Q400_NextGen_aircraft_cockpit

Stop living your life on autopilot!

Have you ever drunk a cup of coffee or eaten a chocolate bar and don’t remember how it tasted? Or had to turn back unnecessarily on a journey because you didn’t remember locking the front door? Or tuned-out while your loved-one was talking?

These are signs you are living your life on autopilot. It’s really sad if you are so stressed, distracted and unaware that you miss out on much of your life.

To check if you’re living your life on autopilot, ask yourself if any of the following applies to you:

  • Have difficulty switching off from work when at home, and vice versa?
  • Feel you have so many difficulties you can’t overcome them?
  • Find it hard to stop thinking about upsetting things?
  • Overreact?
  • Have too many negative thoughts?
  • Feel you are unable to control important things in your life?

If you have answered “yes” to two or more of the above, you may be experiencing so much stress that you are living your life on autopilot. But take heart; help is on the way!

When I, or the people I coach, find ourselves living our lives on autopilot, we use a consciousness exercise which helps us to be more mindful in the moment. It’s simple, fairly quick and really works in relieving stress:

Consciousness Exercise
Part 1: Breathe

Sit quietly in a comfortable position, close your eyes, and breathe deeply. As you breathe in, notice the air tickling your nose and gently swelling your chest. Pause. Breathe out through your mouth, noticing how your chest collapses back on itself as the air leaves. Feel the rate of your breathing slowing down. Do this for three or four minutes.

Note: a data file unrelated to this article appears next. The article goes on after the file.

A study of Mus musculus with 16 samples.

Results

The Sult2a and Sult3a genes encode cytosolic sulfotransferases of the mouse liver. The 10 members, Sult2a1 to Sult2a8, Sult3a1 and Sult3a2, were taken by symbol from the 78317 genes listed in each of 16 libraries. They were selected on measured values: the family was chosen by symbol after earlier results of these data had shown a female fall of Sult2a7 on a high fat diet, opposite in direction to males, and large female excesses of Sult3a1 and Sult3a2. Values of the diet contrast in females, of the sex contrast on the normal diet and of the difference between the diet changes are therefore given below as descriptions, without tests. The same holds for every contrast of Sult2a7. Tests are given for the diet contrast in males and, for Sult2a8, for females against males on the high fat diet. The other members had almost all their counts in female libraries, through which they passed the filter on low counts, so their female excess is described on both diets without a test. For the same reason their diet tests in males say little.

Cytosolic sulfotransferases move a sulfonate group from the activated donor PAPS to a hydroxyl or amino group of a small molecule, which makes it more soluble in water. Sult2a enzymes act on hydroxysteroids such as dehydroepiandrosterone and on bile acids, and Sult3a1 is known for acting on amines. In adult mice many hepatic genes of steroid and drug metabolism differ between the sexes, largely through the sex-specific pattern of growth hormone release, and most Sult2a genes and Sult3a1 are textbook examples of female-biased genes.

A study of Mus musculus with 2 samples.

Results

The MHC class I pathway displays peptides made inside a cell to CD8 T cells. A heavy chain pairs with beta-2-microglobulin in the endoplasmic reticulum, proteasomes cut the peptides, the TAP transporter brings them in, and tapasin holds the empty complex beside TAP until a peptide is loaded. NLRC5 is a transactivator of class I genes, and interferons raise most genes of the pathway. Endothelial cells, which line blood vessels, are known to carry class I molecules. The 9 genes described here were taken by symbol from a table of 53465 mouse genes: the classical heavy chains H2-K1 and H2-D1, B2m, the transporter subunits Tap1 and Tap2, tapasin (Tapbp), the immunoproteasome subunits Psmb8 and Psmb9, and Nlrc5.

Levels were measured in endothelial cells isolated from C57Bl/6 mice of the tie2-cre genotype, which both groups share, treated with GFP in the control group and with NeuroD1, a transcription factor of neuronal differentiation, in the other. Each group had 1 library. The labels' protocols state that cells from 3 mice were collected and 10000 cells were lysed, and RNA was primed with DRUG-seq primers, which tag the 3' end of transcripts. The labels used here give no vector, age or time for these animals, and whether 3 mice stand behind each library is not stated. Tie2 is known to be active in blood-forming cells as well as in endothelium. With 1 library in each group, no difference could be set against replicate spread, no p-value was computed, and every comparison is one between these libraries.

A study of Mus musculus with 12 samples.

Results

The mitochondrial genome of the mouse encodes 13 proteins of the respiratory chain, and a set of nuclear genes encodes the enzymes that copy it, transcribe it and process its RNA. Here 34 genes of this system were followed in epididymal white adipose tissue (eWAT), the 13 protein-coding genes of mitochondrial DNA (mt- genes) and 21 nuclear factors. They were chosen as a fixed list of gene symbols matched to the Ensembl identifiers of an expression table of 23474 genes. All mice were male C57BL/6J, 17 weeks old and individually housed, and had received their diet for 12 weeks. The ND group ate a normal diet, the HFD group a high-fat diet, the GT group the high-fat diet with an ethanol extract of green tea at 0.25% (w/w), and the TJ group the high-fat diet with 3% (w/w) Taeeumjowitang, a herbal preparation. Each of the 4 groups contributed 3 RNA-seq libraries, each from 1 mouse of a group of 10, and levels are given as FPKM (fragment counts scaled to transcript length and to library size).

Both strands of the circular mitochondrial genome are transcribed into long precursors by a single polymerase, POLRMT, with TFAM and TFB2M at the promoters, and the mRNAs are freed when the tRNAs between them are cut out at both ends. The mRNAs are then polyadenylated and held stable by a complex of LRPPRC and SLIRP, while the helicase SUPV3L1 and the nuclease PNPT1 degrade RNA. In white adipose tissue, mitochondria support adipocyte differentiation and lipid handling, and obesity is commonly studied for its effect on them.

If anxious thoughts intrude [and they probably will!], simply notice them, and then gently put them aside. They are simply reminders from your mind of pressing issues. Acknowledge the thought and mentally say to it “Thank you for the reminder. I will deal with you later”. It’s important not to be impatient with the intrusive thoughts, otherwise you will reduce the anxiety-reducing benefits of this step.

Part 2: Feel

Continue to breathe deeply, and feel what is happening throughout your body. As you breathe deeply, you will experience your body relaxing. Groups of tight muscles, often in neck, shoulders and stomach areas, will relax and you may even feel your body slumping. That’s all good.

Become aware of your body, and any remaining discomfit in it. If there is discomfit and residual stiffness, where is it? What does it feel like?

If you can, move and slowly stretch to reduce the discomfort. Gentle massage also helps.

Part 3: Connect

Expand your awareness using your senses to connect with your environment: what do you smell, what are you hearing, and what are you tasting? I find it’s best for me to still keep my eyes closed to reduce distractions.

Then connect with the really important people in your life. Picture these people in your mind and think of why you are grateful to them and the joy they bring into your life.

Nothing however can take the place of face- to-face connection. Thus no matter how busy and distracted you are, take time out to be with the really important people in your life – to be really present and “in-the-moment” moment with them. Really, really listen to them.

Finally, and particularly when time is limited, remember a hug always works wonders. Try the “three breath hug”, hugging for three synchronised in-and-out breaths. It’s a really good way to leave and meet up with your loving partner, little kids enjoy it and even teenagers will secretly do it. The best thing to me about hug is that I never get tired of them!

The Consciousness Exercise helps me to be present and “in-the-moment”, paying attention to what I value or desire, rather than being drawn to what I fear or regret. If you want to stop living your life on autopilot, what do you do?